There has been a lot of discussion since Jeff Bezos’ recent purchase of The Washington Post. It’s interesting because this is not an Amazon acquisition but a personal transaction lacking a clear motive. Is this simply a passion project for Bezos? Or is he challenging the newspaper industry to set a new precedent of optimizing content through personalization and recommendation tactics? Either way, critics argue that this is a precarious investment and with Bezos keeping silent, it’s anyone’s guess.

The bold move shouldn’t be surprising, though. This is the same CEO who launched the largely successful (and high risk) Amazon Prime program offering free 2-day shipping to members that could have resulted in massive fulfillment losses. But Bezos sees beyond the finish line. He doesn’t look at short term profits; he knows the power of playing the long game with his customers, and knows it ultimately yields higher profits. The proof is in the numbers; have you checked up on Prime lately? There are 10 million subscribers to Prime since it’s launch only two years ago and it’s expected to double again by 2017.

If anyone is suited to usher an iconic newspaper into the competitive digital age of publishing, it’s Bezos. And it makes sense, he has nearly put the Barnes & Nobles of the world out of business by changing the structure of how we consume published content.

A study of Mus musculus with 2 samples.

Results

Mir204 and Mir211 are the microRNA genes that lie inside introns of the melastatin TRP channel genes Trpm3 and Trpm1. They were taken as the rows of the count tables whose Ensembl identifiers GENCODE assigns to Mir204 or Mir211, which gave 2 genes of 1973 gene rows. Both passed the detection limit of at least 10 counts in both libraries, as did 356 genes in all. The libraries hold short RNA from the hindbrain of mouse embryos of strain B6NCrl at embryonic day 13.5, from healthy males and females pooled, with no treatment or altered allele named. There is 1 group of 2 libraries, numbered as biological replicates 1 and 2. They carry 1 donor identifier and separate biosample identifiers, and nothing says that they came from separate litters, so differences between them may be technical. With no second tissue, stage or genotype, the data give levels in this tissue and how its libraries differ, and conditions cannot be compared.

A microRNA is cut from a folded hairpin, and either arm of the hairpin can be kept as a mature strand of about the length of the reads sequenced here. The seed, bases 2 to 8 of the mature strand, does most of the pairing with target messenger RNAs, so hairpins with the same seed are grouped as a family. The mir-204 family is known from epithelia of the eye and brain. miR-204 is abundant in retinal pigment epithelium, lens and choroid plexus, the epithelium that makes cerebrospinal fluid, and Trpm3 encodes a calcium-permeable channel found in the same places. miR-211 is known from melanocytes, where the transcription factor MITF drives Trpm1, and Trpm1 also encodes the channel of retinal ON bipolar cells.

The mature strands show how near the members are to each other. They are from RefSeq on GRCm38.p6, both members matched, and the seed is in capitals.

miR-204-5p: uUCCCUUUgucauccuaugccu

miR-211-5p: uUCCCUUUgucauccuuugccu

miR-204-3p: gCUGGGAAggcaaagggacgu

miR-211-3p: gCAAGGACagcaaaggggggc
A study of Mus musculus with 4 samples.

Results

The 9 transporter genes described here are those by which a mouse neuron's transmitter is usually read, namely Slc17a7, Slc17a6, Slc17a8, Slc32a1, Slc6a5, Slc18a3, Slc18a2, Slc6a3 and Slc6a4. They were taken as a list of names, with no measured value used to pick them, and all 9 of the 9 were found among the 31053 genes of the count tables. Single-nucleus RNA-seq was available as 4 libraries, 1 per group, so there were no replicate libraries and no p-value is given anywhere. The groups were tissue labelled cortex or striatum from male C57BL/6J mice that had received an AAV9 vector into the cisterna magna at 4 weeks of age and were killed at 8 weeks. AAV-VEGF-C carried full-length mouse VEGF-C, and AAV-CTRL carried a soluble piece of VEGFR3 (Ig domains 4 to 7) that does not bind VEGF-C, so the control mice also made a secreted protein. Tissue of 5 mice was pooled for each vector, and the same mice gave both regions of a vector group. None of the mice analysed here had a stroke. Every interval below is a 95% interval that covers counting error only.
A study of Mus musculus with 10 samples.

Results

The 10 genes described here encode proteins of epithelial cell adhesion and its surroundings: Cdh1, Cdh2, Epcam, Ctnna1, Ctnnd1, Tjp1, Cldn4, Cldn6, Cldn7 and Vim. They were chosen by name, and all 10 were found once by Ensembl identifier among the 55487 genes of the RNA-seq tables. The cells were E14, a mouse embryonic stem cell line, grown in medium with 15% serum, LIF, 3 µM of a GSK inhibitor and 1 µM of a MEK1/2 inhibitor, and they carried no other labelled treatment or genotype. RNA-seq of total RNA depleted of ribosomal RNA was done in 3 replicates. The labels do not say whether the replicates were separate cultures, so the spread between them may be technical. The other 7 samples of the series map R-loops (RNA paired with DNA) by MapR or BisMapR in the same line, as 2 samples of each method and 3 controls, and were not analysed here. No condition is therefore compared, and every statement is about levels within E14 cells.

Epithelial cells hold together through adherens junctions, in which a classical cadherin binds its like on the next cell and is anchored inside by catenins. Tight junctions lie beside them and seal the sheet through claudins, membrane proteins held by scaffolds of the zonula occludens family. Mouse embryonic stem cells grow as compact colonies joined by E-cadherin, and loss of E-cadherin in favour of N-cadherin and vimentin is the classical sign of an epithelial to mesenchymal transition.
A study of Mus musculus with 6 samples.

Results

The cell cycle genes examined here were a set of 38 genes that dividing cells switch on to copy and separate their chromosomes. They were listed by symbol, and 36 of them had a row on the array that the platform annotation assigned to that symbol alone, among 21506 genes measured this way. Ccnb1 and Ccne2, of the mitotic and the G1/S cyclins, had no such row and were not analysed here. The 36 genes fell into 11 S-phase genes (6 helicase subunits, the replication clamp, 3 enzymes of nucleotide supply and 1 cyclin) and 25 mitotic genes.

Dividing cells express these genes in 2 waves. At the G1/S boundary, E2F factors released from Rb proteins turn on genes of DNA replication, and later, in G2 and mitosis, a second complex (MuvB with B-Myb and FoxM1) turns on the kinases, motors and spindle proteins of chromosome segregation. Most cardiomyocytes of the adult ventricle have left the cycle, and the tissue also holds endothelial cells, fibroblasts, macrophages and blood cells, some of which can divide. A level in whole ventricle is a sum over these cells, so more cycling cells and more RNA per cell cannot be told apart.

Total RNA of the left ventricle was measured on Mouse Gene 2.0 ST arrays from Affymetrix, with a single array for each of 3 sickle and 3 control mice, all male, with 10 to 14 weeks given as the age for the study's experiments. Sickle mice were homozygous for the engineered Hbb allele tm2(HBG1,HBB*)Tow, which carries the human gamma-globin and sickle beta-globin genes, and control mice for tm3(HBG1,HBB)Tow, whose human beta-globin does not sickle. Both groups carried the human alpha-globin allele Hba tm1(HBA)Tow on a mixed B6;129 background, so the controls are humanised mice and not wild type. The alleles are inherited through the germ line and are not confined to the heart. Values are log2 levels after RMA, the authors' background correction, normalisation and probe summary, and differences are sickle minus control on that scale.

The Wall Street Journal published a piece theorizing about Bezos’ strategy to increase profitability and circulation for the Post by using onsite personalization tools. Cass Sunstein argues in a Bloomberg article that one of the virtues of the newspaper is that you pick it up not knowing what you’ll find; that you will broaden your focus and, as a result, gain something you wouldn’t have known you liked.

But in actuality personalization is discovery. By seeing all real time traffic of an entire audience and using editorial scoring, that same discovery element Sunstein refers to is still available. When combined with a user’s inferred interests, the power of discovery is even more prominent. Bezos knows this. That’s why industry players are projecting that he will apply his deep knowledge and history of audience building, data gathering and personalization to the Post.

All CMOs today should be thinking, “what does my reader want and how can I deliver it to them the most efficiently?” Bezos seems to understand the value of personalization, especially in an industry like publishing where presenting the individual what they want to read is critical to high engagement, subscriber retention and, of course, ad revenue.